Blockchain are much more than just cryptocurrencies: it’s a technology that enables the safe
and secure storage and transfer of data of all types: be it business information, legal agreements (smart contracts) or, as in the case of simple cryptocurrencies such as bitcoin, financial transactions.
One of the major benefits of leveraging this technology in the future remains the personalized custody it offers.
The present economic order necessitates the use of central institutions to manage our data, be it financial or personal. Institutions such as banks and insurance companies provide services that enable customers to store, transfer and organise their funds and other information. These institutions also function as clearinghouses and liasioning bodies between other institutions, particularly those located in cross-border locations.
The prices paid by the individual consumer or company are apparent:
- Service fees. Data custodians are usually expensive; internal custodians need to be paid through expensive salaries whereas other forms of custodianship usually come in a range of fees.
- Increased liability to governmental monitoring. Data custodians are answerable to governments; therefore any request for information for government usually needs to be followed if it falls within the purview of law. The recent crisis faced by Apple, Microsoft and other major companies is a clear example of this dilemma faced by many data service providers.
- Custody of critical personal information. Placing crucial personal information with third party custodians always comes with it’s fair share of risks. Can the custodian of this data be trusted? Is there any chance that certain elements within the organisation may use the data for malign purposes? The risk is always there.
- Vulnerabilities to attacks and threats. As recent threats to Facebook, Citibank Group and other major institutions has revealed, repositories of data of importance usually entice more attention from hackers due to the bigger payoffs.
- Restrictions in use of personal funds. When funds and other data is placed in the custody of a third party, it usually means there is a delay in the availability of the assets for most uses.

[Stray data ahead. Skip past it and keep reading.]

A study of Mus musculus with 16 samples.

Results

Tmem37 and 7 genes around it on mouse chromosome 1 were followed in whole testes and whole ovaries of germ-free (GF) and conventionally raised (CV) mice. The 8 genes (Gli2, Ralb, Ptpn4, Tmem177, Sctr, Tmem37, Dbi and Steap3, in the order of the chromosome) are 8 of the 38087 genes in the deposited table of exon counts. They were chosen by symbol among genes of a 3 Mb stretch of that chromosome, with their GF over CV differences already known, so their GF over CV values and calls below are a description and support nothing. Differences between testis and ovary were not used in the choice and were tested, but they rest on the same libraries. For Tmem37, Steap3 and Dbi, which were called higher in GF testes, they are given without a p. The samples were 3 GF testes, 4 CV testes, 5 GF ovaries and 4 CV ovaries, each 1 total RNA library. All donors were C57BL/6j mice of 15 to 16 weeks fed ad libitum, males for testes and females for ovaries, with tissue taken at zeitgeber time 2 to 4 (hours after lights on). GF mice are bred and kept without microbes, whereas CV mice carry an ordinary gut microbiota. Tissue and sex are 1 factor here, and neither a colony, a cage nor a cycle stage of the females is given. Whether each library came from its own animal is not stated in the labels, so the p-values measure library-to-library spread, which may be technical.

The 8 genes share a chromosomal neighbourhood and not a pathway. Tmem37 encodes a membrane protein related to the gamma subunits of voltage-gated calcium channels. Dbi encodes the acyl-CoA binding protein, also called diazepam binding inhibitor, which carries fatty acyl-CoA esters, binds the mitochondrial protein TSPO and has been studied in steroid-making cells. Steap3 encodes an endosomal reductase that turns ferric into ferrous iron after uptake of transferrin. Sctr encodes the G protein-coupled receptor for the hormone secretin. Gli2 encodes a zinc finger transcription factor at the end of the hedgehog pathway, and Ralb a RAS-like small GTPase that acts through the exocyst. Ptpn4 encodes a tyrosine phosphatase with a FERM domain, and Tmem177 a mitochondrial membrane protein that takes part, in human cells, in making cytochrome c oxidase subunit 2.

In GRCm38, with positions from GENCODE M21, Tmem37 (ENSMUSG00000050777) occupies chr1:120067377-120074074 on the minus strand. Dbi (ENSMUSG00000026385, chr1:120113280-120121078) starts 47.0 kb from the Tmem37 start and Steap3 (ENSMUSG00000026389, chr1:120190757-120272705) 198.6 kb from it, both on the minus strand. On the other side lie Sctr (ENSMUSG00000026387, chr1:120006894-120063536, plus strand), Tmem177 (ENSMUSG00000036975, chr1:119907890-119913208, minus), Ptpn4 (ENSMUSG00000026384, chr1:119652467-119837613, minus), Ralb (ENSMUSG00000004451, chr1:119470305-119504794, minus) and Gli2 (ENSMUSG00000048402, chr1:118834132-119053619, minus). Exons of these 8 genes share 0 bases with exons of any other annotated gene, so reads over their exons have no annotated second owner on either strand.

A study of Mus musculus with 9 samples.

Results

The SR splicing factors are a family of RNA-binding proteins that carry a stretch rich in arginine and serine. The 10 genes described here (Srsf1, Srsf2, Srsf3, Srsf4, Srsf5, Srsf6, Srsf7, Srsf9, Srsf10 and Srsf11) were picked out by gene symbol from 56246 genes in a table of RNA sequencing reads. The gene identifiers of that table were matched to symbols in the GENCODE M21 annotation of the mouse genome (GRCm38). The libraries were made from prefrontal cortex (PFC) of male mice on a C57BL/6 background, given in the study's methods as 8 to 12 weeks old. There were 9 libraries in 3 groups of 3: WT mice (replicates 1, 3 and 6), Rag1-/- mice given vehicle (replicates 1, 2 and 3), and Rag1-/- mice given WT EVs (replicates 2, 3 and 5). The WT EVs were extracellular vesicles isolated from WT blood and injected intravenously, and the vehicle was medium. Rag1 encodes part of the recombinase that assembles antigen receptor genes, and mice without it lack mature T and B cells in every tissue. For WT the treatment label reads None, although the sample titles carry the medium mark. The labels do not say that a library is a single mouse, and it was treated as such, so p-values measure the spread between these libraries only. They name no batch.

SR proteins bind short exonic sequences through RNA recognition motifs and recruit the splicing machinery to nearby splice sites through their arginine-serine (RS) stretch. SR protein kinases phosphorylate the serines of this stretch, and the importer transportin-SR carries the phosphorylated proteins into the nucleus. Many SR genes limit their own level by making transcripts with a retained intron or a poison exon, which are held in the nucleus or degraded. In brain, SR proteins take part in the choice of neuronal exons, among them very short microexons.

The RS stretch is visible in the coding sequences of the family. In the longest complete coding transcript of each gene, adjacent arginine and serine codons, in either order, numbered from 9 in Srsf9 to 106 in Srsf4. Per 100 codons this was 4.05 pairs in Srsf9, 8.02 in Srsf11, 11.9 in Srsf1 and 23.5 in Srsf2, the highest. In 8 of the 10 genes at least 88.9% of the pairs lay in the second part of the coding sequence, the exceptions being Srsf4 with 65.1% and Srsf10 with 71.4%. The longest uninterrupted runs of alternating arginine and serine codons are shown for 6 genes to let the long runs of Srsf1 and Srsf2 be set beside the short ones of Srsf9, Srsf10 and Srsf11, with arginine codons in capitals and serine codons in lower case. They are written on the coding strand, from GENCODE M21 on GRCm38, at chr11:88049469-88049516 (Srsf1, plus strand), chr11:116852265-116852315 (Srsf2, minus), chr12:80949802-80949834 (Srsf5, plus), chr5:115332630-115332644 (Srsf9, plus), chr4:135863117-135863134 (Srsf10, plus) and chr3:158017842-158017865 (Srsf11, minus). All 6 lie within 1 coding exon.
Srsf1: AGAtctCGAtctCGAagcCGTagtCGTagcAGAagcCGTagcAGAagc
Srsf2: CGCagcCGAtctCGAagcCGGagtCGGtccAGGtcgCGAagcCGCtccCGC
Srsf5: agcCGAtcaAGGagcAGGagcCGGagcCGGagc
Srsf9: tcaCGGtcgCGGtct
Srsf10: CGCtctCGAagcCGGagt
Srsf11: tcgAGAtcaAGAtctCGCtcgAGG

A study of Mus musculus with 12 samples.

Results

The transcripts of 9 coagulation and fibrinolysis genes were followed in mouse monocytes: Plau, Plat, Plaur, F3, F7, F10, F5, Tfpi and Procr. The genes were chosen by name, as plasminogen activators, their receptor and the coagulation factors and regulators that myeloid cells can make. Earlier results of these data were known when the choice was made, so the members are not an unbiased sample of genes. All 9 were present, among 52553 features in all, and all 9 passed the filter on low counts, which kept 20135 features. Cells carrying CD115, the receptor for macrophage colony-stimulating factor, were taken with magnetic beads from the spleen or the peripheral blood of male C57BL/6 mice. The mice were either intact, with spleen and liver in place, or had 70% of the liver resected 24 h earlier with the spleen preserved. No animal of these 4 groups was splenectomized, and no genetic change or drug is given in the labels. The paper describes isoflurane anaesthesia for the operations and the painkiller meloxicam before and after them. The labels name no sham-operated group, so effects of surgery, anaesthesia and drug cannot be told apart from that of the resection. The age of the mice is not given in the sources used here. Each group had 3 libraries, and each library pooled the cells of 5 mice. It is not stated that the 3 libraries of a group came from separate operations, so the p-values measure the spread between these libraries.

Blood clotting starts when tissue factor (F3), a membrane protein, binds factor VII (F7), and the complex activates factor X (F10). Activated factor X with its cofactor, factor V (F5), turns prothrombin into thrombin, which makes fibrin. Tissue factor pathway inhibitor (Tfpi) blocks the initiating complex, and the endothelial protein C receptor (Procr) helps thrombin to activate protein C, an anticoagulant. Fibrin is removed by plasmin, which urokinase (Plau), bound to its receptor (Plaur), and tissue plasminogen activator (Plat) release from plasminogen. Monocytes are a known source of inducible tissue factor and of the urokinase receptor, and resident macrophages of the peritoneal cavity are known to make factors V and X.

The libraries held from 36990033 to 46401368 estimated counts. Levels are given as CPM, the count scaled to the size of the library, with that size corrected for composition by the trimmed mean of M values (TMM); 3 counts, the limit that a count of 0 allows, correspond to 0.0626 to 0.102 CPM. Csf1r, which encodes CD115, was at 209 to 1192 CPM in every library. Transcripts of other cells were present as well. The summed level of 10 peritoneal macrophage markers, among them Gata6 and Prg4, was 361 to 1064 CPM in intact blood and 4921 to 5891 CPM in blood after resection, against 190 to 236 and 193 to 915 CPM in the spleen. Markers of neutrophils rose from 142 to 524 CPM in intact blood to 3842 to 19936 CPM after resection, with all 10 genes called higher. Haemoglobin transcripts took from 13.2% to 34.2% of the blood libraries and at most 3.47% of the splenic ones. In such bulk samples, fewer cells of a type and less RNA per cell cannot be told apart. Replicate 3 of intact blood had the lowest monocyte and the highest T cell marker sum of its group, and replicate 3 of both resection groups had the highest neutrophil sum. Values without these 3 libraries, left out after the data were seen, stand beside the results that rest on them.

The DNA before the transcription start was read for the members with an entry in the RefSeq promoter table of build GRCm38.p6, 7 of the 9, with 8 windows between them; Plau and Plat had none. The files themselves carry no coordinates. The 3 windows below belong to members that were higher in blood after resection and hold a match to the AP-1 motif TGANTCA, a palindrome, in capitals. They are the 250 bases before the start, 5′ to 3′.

Where blockchains come in
Blockchains categorically remove the need for centralised institutions to manage and approve transactions. All transactions within the block chain are verified and validate through pre-set algorithms that engage stakeholders who are selected as per democratically defined attributes.
Blockchains such as Ethereum have several functionalities through their smart contracts; any situation where an ‘if, then’ clause is applicable can be translated to a smart contract. The availability of these contracts in the personal custody of individuals enables the possibility of any tinkering by third parties. Benefits include:
- Instantly usable assets. As all assets are readily available in addresses, they can be leveraged immediately for a variety of purposes.
- Safe from politically motivated losses. Assets held in institutional-managed repositories can sabotaged by governments and relevant authorities. In third world countries led by despotic regimes or unstable democracies, this can lead to huge losses with little or no accountability.
- Safe from government policies. Government policies change drastically in very little time; from taxations rates to the definition of what’s legal and not. Assets placed in private banks and other registered institutions are answerable to federally administered policies and the laws of the lands. Personal custody through blockchains also ensures access to funds in case a person is involved in legal proceedings or formal action by the state.
- Cross-verifiability of transactions and asset. The open nature of blockchains promotes an open environment which makes cross-verifiability easy even in the absence of clearinghouses and central banking institutions; this is achieved through the inherent architecture of most blockchain platforms.